Minding the mid-band: Status update on C Band and CBRS
LitePoint’s Rex Chen is the author of this blog, which is based on his presentation at the RCR Wireless News Editorial Webinar titled Minding the mid-band: C Band and CBRS efforts.
Wireless spectrum has become one of the most important resources to stay connected because spectrum is the utility for all wireless communication. Mid-band spectrum, specifically in the 2 GHz – 4 GHz range, is playing an important role in 5G, both globally and in the U.S which include:
- Citizens Broadband Radio Service (CBRS), 150 MHz of spectrum in the 3550 MHz to 3700 MHz band in the U.S. It previously was used by the U.S. government until the FCC identified it as spectrum that could be used for broadband services.
- C band refers to frequencies between 4000 MHz and 8000 MHz that are now being used for satellite communications, RADAR systems and other unlicensed use case such as some Wi-Fi enabled devices.
In 2020, the U.S. C Band spectrum auction raised more than $81 billion, demonstrating the immense value and potential of mid-band spectrum for wireless communication. Each mobile network operator has a different mid-band strategy based on spectrum holdings – both in terms of how much spectrum they own and whether they need more low or high band frequencies.
Mid-band spectrum has the advantage of known transmission characteristics that is similar to existing 4G frequency bands. Mid-band frequencies are considered “goldilocks spectrum” because they have characteristics of good coverage (similar to low band frequencies), and fast data rates (similar to high-band frequencies). But there are challenges to these RF bands due to how the band has been divided for its incumbent users. MNOs then need to devise spectrum sharing and spectrum usage strategies.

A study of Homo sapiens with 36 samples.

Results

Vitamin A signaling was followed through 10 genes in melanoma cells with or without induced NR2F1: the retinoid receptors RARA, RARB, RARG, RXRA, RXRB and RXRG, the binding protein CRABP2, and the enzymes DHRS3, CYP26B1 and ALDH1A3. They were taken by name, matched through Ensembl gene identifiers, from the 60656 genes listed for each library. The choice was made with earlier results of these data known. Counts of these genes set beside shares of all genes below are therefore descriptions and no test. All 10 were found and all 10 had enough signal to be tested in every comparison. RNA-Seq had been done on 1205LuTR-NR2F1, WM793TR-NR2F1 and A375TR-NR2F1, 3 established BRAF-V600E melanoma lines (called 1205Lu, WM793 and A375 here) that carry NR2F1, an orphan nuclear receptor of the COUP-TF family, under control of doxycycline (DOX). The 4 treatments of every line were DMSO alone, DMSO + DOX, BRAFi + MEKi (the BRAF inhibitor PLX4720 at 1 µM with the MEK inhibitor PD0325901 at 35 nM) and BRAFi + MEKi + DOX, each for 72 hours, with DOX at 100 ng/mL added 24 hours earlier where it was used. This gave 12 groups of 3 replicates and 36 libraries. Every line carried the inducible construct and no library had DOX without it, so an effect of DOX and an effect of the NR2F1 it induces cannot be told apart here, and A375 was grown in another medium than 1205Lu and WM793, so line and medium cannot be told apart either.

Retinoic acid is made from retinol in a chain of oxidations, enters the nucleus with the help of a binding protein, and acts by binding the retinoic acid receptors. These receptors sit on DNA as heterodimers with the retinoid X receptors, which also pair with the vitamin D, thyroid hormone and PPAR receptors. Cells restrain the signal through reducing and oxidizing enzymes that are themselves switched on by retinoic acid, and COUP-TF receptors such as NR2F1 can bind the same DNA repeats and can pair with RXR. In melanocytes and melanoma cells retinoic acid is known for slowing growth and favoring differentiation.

Smartphone design using mid-band spectrum can support world phones that have global cellular coverage capabilities. In many instances, it has a contiguous spectrum, and the short wavelength allows innovations like MIMO between 8 and 16 spatial streams. This enables an ideal degree of spatial multiplexing, where operators can use beam forming techniques to target users spatially – increasing the capacity.
Why Mid-Band is so Valuable
Deployments for 5G mid-band is occurring across multiple countries including the U.S., Europe, Korea and China starting in the past year and a half. This trend will continue as MNOs start to work with higher frequency ranges of the spectrum.
Mid-band spectrum provides the opportunity for a contiguous spectrum with the potential for channels that are 200 to 400 MHz wide. This requirement presents new challenges for filters and other RF components and requirements that must be met by both mobile devices and base stations. LitePoint is seeing instance where in actual deployments, carriers aren’t using an entire capability because they’re still testing to make sure it works for across-the-board deployments.
Increase in remote work, video conferencing and other high bandwidth applications means that uplink capacity is becoming more important than ever. This in turn is leading carriers and chipset makers to re-think how they mix and match spectrum resources. There are inherently many use cases for 5G that may result in making deployment challenging – but the variety of device requirements has made mobile network carriers understand that mid-band is necessary as part of 5G growth moving forward.
To gain more insights on 5G mid-band status and wireless test challenges in this spectrum, as well as hear what other industry leaders have to say, watch this editorial webinar. You can access it on the LitePoint webinar page.